Trash mounds stack up at homeless camp in Grass Valley’s Glenbrook Basin | TheUnion.com

Trash mounds stack up at homeless camp in Grass Valley’s Glenbrook Basin

Sam Corey
Staff Writer

Deep behind 10859 Brunswick Road in Grass Valley, there’s trash — and a lot of it.

Strewn about the branches, grass and dirt are clothing, mattresses and plastic Tupperware often merging into large mounds. The grounds are covered with items belonging to homeless individuals who once established shelter, and possibly still do, in the wooded area.

Dick Law, a broker for Paul Law Realty, said a contractor told him a day’s work wouldn’t make a dent in the area.

Law wants to clean it up. He’s also been trying to get non-housed individuals into homes.

About 30 homeless people have been in that area over the last few years, said Law. The broker doesn’t know if the grounds have been abandoned. For the past two months, Richard and Minta Cramer, who own the property where the trash has amassed, have complained about the mess to Law, he said. The pair could not be reached for comment.

Grass Valley resident Melissa Hatcher doesn’t know when the cleanup will occur — or if it will — but she’s trying to make it happen. The retiree said she found out about the trash piles on Facebook, and has collected bottled water, garbage bags and latex gloves to prepare for a cleanup.

“I wanted to motivate people,” she said, adding that she wants to clean up the area before rain arrives and washes toxins into the county’s water system.

Hatcher is the type of resident Grass Valley City Councilwoman Hilary Hodge refers to when she says there are a lot of do-gooders in the city.

“The community volunteer effort is amazing,” she said, adding the city will provide a dumpster and possibly a police officer to ensure public safety if a cleanup ensues. Hodge said she is nervous about health hazards, including drug paraphernalia and sharp objects, that could endanger volunteers.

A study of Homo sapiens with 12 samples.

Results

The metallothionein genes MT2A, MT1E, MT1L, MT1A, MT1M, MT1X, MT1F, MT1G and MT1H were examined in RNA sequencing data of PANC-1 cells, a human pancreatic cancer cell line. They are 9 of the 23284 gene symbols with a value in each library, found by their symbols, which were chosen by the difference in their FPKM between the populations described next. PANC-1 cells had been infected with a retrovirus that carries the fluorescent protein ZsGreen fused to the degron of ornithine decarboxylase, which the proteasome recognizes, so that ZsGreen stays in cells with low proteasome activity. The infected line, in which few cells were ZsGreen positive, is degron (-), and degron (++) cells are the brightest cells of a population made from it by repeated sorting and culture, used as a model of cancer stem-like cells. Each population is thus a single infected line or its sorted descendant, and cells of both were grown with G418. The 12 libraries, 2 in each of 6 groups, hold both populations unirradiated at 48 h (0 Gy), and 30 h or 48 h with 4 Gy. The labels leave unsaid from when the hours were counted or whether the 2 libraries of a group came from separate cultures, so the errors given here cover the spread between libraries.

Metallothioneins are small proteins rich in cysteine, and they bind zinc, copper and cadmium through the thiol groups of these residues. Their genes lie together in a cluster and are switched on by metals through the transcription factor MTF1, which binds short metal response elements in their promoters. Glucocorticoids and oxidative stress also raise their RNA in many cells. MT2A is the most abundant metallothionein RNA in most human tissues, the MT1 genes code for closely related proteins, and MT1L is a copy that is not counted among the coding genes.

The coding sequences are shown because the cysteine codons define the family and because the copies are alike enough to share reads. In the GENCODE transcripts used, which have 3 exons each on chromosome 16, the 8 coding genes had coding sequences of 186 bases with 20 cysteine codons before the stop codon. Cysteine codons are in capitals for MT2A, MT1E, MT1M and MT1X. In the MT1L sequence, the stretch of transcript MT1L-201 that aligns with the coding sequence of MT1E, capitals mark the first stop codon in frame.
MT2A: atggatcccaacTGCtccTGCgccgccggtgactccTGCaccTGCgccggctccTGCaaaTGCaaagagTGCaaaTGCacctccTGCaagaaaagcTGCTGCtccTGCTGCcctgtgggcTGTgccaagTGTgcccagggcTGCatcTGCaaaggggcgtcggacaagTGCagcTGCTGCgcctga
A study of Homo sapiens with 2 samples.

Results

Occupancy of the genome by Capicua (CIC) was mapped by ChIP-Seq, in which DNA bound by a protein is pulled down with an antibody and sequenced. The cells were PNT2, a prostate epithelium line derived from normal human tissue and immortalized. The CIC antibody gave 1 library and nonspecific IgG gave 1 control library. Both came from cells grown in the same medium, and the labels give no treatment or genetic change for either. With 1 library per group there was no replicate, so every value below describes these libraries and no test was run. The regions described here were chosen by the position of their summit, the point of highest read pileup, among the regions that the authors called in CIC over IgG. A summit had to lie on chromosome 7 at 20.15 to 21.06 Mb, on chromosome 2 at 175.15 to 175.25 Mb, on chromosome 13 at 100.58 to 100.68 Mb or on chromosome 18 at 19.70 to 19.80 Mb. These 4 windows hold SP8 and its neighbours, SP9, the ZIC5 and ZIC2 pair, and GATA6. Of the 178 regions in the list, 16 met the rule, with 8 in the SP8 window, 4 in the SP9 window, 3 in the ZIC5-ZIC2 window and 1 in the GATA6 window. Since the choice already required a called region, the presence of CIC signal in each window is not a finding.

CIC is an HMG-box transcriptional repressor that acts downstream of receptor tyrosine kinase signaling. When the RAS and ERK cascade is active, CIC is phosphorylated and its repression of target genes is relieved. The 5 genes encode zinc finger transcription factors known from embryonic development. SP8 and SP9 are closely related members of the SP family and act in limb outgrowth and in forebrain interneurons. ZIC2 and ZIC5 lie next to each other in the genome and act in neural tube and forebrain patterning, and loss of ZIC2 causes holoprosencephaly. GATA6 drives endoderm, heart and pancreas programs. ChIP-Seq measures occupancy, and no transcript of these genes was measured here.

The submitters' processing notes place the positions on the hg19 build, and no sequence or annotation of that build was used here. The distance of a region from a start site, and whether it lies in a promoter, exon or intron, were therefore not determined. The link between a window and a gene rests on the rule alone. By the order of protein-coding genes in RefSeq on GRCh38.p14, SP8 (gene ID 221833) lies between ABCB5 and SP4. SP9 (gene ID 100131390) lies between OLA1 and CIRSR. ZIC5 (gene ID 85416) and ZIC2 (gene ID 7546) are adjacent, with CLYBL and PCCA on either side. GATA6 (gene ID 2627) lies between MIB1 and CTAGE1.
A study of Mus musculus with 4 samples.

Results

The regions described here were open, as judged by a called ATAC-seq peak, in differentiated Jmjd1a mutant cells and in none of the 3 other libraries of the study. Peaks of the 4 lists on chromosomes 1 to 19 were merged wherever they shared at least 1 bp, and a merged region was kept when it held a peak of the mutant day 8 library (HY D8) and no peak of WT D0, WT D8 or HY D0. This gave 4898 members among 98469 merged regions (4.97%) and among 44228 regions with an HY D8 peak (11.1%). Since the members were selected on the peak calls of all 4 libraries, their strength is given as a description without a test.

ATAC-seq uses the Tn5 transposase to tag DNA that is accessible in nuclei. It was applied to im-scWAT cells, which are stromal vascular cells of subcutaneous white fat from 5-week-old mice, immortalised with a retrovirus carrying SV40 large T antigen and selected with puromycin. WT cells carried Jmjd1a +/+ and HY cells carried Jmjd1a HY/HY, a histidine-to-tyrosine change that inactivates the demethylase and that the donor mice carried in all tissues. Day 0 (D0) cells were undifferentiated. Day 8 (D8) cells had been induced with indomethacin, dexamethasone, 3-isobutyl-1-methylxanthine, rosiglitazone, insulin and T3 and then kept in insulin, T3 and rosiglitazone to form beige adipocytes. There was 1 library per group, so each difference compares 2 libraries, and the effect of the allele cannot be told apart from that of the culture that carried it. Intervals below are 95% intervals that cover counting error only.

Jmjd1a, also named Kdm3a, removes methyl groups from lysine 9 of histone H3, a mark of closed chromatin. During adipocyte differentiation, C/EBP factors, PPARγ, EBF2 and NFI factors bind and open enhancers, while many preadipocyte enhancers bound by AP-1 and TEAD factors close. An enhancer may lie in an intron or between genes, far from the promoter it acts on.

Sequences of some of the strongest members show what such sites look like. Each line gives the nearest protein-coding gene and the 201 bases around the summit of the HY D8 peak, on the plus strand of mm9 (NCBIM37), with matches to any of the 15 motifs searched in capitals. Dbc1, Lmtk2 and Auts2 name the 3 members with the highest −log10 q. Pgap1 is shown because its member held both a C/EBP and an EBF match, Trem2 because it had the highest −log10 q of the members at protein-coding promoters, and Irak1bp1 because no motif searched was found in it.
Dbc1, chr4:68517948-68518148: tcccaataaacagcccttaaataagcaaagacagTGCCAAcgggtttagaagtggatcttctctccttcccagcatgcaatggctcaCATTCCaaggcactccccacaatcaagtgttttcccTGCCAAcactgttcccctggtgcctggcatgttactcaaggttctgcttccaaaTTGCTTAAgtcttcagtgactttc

HOMELESSNESS ISSUES

As a broker, Law has tried to get people Section 8 vouchers, and ensure them housing afterward. Years ago, he said he pushed the county to have a navigation center in order to help individuals with vouchers obtain stable shelter.

“There are so many more people in the street than there were three years ago,” he said. “It’s a humanitarian crisis.”

Then, the county didn’t want the navigation center in the Glenbrook Basin, he said, where homeless individuals linger and where Law thought it would be most useful. The project didn’t come to fruition.

Hodge said the county should reconsider its initial decision.

“I think that the county needs to look at possibly revisiting that or see if there’s another way to find the money to fund that project,” she said.

Hodge said the approval of the homeless day center on the same road was a step forward for the county. Another positive initiative, she said, was The Friendship Club’s efforts to reduce teen homelessness.

“If you ensure that at-risk teens have housing,” she said, “it greatly reduces the future of homeless populations.”

An estimated 172 Nevada County high school students were declared homeless in 2018.

Law believes there’s much more to be done for homeless individuals.

“I think the county is really going about it wrong,” he said. “They spend so much money on salaries, on programs, and very little money gets down to the person that needs housing or a meal.”

The Nevada County Board of Supervisors is moving forward with its Brunswick Commons project — a homeless resource center and transitional housing units — on Old Tunnel Road in Grass Valley. The project is some two years away from completion.

POSSIBLE PARK

The Cramers, who own the property where trash has accumulated, gave permission to Grass Valley to refurbish that space as a park, according to city Community Services Analyst Zac Quentmeyer.

On Aug. 5 Grass Valley applied for a Prop 68 state grant worth $8.5 million to build a park that includes four land parcels and 31 acres, said Quentmeyer. The city will likely hear back in January.

The park would include hiking trails, a playground, barbecue pavilion and tennis or basketball courts, said Quentmeyer.

“We’re hopeful,” he said of the grant. “It’s going to be highly competitive.”

To contact Staff Writer Sam Corey email scorey@theunion.com or call 530-477-4219.